Control Everything: One Psychology Student’s Advice

I have the good fortune to work alongside a Penn State World Campus alumna. Her enthusiastic work ethic and genuine personality create a positive work experience. Coincidentally, she’s finished the very program I am currently working through, a bachelor’s degree in psychology. Her presence provides me with reassurance when I try to balance work, school, and life. Sharing the ebb and flow of academic demands has helped build camaraderie between us, and it’s been an encouraging way to connect with a coworker.

While academic demands do keep me busy, I’d recommend to fellow students to build in some time to rest and recharge. During the weeks between semesters, pressures can ease up, creating room for levity to slip in. For me, the end of the fall semester and the end of the year combined to create an intermission for this year’s academic performance. I replaced reading and writing with relaxation. Switching to an interval of rest was much needed, but looking at the big picture of the work left to accomplish toward my degree can still feel overwhelming.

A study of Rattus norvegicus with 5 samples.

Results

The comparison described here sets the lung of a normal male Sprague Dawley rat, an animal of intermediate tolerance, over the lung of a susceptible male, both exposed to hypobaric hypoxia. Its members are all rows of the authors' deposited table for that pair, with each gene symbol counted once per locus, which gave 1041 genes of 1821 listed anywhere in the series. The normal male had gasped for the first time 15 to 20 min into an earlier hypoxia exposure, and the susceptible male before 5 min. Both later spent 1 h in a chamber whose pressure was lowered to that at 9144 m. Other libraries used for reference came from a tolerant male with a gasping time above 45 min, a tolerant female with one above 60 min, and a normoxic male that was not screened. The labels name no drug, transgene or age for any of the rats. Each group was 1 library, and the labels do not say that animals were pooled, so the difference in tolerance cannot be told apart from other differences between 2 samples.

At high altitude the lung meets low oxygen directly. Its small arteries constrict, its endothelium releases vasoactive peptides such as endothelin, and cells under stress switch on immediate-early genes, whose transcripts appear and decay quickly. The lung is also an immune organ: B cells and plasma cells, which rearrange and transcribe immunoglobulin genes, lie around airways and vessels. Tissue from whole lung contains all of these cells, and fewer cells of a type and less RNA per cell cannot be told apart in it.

Another piece of advice I’d give would be to not let that big picture get you down. While I was proud of my achievements, considering what is left to accomplish caused me to quietly question the propriety of my educational goals. Luckily, my colleague’s subtle reminder on my keyboard (pictured) helped restore my confidence for next semester. That advice, “control everything,” seems unrealistic, but it encourages me to manage what I can and trust I can get through the rest.